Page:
Changing Habits: Why It’s Hard, How to Do It (MP3 download)
By John Dennis and Edwin A. Locke
Rarely can one change one’s habits by direct will power because habits are subconsciously automatized; attempts to consciously suppress habits typically fail because suppression does not change the subconscious. This course shows that change has to go through stages: precontemplation, contemplation, action, learning techniques for attaining goals and dealing with setbacks.
The elements of each stage are explained. For example, for the precontemplation stage, students begin the process of learning how dysfunctional habits undermine their well-being by gathering information about the extent or effects of the habit, while for the preparation stage, students introspect regarding the emotions and thoughts that occur before, during and after we engage in a dysfunctional habit. During the action stage, students learn how to break down all habit-change goals into specific short-term goals that answer the what, when, how and where questions associated with the new goal and the importance of goal framing—that is, all “I should,” “I must,” “I have to” need to be replaced with “I want to,” “I choose to,” “I will” . . . do X (not a duty but a choice). In the techniques for change stage, students learn a host of techniques that have proven to be successful—these include: “surfing” your emotions while delaying action, forming implementation intentions made in front of the mirror, praising yourself for goal attainment out loud, developing one new, beneficial habit such as exercise to make it easier to change other habits, and so on. Finally, in the dealing-with-setbacks stage, we discuss the importance of self-forgiveness and making better plans and also how negative self-talk and global statements such as “I will never learn” normally cause one to be less motivated, less persistent and have less energy. In this stage, we identify some tricks that your subconscious may play on you that can lead you to stop progressing in your habit-change goal, for example, moral licensing, what-the-hell effect, the false-hope syndrome, and so forth.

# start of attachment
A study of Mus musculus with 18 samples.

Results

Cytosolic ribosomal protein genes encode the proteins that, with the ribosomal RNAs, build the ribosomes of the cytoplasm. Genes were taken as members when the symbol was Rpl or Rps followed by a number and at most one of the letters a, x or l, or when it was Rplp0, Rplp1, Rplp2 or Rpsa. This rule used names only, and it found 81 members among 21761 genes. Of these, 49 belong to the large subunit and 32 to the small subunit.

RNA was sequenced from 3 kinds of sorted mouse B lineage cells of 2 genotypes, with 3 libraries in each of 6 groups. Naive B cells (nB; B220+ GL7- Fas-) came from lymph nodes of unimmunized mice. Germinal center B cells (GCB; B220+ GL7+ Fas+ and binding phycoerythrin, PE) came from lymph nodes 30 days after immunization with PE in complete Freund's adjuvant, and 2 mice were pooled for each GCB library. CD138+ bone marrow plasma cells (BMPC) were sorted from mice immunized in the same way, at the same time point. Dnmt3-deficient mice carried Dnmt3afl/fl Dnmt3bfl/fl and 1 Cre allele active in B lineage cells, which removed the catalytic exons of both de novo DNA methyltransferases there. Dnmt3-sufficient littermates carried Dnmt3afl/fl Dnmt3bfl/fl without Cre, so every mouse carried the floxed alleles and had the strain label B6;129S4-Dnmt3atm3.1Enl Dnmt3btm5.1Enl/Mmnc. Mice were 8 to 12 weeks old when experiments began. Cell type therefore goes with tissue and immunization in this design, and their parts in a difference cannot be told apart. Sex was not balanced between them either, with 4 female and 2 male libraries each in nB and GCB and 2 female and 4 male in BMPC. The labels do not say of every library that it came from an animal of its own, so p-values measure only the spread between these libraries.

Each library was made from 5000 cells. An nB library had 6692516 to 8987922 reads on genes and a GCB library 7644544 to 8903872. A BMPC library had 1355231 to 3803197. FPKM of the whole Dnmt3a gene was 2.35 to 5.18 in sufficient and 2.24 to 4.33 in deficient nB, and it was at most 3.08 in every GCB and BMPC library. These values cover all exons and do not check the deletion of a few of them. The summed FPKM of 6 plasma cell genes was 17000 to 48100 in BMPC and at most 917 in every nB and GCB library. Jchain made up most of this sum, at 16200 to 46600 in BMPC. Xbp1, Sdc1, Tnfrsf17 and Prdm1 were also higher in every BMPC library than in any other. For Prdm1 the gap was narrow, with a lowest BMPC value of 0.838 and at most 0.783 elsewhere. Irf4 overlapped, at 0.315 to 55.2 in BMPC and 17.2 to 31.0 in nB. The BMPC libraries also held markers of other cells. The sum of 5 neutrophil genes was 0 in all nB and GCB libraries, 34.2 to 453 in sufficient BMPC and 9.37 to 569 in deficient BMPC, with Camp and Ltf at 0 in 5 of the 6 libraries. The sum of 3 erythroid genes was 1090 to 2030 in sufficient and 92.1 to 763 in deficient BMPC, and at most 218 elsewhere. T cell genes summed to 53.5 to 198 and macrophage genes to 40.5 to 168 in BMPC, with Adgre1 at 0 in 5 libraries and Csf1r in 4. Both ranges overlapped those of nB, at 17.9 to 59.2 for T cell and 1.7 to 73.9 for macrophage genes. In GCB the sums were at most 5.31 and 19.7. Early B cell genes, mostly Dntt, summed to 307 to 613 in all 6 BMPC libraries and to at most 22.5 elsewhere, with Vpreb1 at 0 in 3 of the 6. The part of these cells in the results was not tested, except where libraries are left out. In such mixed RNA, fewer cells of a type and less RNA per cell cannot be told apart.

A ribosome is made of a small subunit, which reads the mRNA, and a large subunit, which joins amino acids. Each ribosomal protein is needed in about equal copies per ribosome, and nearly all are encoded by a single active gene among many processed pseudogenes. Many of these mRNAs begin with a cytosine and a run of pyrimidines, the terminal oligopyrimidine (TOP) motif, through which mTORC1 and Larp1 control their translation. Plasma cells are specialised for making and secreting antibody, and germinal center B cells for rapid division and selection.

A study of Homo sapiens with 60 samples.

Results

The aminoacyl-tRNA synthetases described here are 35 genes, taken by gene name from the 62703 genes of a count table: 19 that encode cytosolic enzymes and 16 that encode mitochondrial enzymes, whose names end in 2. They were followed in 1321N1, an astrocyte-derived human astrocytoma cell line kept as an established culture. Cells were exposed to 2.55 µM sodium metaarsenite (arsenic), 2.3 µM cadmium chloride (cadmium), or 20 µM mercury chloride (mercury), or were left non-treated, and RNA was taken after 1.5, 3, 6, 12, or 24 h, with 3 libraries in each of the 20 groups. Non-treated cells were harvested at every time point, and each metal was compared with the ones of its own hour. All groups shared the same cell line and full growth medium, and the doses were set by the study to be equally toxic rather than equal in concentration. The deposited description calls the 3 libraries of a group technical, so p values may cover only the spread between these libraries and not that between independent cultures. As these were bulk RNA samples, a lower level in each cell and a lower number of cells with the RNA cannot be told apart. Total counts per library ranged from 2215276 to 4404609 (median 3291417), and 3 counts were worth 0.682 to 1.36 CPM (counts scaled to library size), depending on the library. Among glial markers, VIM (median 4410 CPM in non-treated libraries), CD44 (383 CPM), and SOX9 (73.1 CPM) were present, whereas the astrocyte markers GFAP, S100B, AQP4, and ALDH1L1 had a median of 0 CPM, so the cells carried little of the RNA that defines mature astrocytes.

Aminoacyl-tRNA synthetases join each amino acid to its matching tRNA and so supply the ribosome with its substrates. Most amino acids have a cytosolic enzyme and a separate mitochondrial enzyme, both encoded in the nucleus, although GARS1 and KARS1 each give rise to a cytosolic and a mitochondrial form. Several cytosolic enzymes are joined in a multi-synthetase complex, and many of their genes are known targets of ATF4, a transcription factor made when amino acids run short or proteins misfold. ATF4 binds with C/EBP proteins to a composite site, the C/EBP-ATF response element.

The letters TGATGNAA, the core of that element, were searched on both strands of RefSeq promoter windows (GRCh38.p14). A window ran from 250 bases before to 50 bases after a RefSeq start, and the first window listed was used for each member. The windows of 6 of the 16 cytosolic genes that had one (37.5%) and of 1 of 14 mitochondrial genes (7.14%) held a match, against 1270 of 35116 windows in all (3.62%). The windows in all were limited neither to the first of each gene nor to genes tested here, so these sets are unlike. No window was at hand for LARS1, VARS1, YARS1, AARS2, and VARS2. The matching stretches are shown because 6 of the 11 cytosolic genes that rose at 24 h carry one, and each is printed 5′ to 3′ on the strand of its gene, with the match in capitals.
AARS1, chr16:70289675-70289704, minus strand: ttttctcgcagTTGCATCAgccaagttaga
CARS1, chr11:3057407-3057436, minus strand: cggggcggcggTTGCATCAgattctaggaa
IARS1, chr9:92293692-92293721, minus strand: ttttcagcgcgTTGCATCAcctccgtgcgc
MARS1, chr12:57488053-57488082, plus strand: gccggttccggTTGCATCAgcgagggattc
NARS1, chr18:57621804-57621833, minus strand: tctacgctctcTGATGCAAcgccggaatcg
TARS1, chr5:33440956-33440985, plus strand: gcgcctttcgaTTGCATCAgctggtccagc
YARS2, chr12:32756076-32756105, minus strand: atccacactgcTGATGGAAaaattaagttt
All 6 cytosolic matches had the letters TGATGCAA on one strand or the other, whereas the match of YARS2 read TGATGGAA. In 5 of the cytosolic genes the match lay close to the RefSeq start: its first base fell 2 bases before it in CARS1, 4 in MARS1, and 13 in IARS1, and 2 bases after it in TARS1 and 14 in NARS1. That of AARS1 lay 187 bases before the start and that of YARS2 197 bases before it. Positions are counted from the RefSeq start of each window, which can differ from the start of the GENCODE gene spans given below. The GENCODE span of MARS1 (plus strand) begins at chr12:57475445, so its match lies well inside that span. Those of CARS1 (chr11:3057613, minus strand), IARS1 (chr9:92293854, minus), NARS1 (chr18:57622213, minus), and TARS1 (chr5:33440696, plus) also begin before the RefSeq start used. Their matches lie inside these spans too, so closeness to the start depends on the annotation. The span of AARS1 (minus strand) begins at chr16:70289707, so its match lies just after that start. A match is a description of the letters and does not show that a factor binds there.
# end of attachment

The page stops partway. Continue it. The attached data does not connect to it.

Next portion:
In the end, students learn how to change habits not by attacking them directly but by using the various means learned in this course to weaken and replace them. If students follow the methods discussed in this course, they will have better self-control, better self-awareness (of emotions, desires, subconscious premises, conscious ideas), and a better life, but especially more happiness and pride in that they have effectively changed their behavior.
This course was recorded at the 2012 Objectivist Summer Conference in San Diego, CA.